When the government launched the “We Travel Together” stimulus package in July, it was to boost domestic tourism to the many provinces that the Kingdom has.
As statistics became available, it appeared that the province of Chonburi has the most number of reservations made by locals to take advantage of the program’s subsidies. Reporters indicate that Chonburi’s hospitality establishments have recorded 34,000 reservations made under the “We Travel Together” scheme.
This puts the province at an advantage over the more popular destinations like Cha-am, Prachuap Khiri Khan, Hua Hin and even Chiang Mai.
The “We Travel Together” is designed to boost domestic tourism and provide much-needed revenues to the industry despite the current ban on international tourism. The ban has been in place in April after the declaration of the emergency decree, which expires on the 31st of September.
Under this program, locals have the opportunity to have 30% of their travel expenses subsidized or refunded by the government. There is currently a cap of THB3,000 for each single booking that can be subsidized.
Although there have been promising results in the month of July for domestic tourism, the program has been considered by the Tourism Authority of Thailand as underperforming.
With a target of 5 million room nights by October 31st, the stimulus package has only resulted to 620,000 hotel room bookings for so far. This is despite the fact that 4.6 million locals have signed on to have their travel expenses subsidized by the government.
In a bid to create fresh demand, the TAT has announced that it is extending the maximum number of nights that can avail of the perks from 5 nights to 10 nights in a row. The cap still remains at THB3,000.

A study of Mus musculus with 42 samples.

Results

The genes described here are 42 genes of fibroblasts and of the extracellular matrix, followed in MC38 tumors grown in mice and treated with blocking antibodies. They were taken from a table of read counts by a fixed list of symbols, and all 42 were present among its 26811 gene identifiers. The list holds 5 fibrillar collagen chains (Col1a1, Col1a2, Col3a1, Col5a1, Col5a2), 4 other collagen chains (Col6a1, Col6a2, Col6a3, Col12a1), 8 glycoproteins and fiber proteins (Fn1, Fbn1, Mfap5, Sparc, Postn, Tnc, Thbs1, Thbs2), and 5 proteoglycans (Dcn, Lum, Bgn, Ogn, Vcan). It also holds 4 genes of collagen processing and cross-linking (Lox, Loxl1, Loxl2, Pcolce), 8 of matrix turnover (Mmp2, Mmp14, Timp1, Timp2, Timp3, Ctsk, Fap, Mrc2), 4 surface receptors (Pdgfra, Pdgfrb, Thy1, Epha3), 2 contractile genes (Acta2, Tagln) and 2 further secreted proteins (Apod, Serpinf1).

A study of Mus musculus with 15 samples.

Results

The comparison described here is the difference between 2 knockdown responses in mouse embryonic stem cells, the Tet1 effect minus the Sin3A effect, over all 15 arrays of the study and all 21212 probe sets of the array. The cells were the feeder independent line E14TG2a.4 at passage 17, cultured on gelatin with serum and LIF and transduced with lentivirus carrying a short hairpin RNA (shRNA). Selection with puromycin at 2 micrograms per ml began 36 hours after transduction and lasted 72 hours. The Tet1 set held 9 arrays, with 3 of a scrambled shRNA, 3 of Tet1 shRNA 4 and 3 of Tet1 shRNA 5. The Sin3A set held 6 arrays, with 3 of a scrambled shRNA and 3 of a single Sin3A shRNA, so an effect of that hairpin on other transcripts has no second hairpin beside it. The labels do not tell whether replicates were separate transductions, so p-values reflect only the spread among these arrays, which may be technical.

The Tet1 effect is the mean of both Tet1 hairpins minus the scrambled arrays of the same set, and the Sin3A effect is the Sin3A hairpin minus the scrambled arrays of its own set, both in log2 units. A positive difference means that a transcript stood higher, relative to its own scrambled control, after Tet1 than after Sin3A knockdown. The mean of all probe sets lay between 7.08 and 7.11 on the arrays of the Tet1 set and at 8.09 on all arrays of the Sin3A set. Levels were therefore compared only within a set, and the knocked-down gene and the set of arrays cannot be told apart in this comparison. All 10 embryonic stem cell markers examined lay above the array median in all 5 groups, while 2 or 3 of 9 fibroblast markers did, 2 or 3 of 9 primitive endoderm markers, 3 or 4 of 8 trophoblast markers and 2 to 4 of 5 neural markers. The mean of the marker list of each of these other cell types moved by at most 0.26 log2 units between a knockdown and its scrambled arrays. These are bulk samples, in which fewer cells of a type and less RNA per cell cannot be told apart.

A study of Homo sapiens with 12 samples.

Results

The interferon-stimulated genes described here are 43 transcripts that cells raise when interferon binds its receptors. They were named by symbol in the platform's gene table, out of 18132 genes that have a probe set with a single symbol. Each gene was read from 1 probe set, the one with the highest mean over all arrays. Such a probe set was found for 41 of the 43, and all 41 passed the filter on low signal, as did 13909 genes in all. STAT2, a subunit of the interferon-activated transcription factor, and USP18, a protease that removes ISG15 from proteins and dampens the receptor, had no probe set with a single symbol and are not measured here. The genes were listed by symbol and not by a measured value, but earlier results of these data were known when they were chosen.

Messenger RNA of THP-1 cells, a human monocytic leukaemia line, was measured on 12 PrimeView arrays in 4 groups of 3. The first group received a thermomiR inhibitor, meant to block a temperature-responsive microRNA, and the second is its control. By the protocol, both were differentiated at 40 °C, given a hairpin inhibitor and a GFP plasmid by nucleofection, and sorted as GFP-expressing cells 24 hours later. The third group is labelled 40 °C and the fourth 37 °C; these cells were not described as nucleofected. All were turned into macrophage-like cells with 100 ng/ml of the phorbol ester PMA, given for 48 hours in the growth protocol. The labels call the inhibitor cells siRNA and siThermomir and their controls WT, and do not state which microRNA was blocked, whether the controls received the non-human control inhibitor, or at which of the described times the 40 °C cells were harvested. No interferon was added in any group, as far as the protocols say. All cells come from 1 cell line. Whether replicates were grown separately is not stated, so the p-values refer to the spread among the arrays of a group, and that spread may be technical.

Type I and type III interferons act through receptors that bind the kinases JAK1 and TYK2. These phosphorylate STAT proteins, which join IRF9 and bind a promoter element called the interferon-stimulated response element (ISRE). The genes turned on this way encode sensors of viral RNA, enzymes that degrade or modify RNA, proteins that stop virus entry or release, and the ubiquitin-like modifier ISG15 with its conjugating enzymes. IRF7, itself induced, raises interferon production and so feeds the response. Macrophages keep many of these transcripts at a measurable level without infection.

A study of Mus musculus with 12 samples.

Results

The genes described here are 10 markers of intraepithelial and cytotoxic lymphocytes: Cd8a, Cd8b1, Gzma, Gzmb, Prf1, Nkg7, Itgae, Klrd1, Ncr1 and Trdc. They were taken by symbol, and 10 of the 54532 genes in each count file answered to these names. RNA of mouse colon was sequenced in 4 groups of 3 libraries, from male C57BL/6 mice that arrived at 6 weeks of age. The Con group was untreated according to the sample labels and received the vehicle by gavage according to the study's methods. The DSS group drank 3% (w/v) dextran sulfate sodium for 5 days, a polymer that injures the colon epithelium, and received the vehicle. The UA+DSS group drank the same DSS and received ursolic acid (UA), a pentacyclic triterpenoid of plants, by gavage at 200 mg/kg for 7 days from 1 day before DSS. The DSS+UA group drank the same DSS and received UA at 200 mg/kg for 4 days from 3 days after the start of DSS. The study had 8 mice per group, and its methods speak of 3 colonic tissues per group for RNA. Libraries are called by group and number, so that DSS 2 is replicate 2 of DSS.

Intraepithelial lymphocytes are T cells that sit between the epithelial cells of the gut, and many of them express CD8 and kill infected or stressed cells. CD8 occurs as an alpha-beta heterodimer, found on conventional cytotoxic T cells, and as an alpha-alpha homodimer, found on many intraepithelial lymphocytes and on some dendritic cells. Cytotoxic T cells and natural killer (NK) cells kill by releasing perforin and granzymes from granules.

Also, the TAT has extended the perks to corporate entities as well. The stimulus package only initially targeted local Thais.
Expat groups and the private sector are also calling on the government to extend the stimulus package to foreign expatriates as well, citing the fact that these foreigners are also paying tax and contributing to the economy while they are staying in the Kingdom.
There have been discussions in July to that effect, with Tourism and Sports Minister Phiphat Ratchakitprakarn calling on exempting expatriates from the dual pricing scheme in the entire country.
The dual pricing lets locals pay local rates, which are lower, while expatriates and tourists are paying significantly higher rates in food, accommodation, car rentals and other tourism-related expenses.
In the meantime, in an attempt to slowly reboot foreign tourism, the government has announced a limited reopening of Phuket to foreign tourists by October 1.
This is under the “Safe and Sealed” plan overseen by the Tourism and Sports Ministry, following a framework initially suggested by the private sector.
If the first phase, officially called the Phuket Model, proceeds without problems or a second wave of infections, it could be extended to other provinces as well. Koh Samui and the Phi Phi Islands in Krabi Province are being eyed as additional destinations as well under the plan.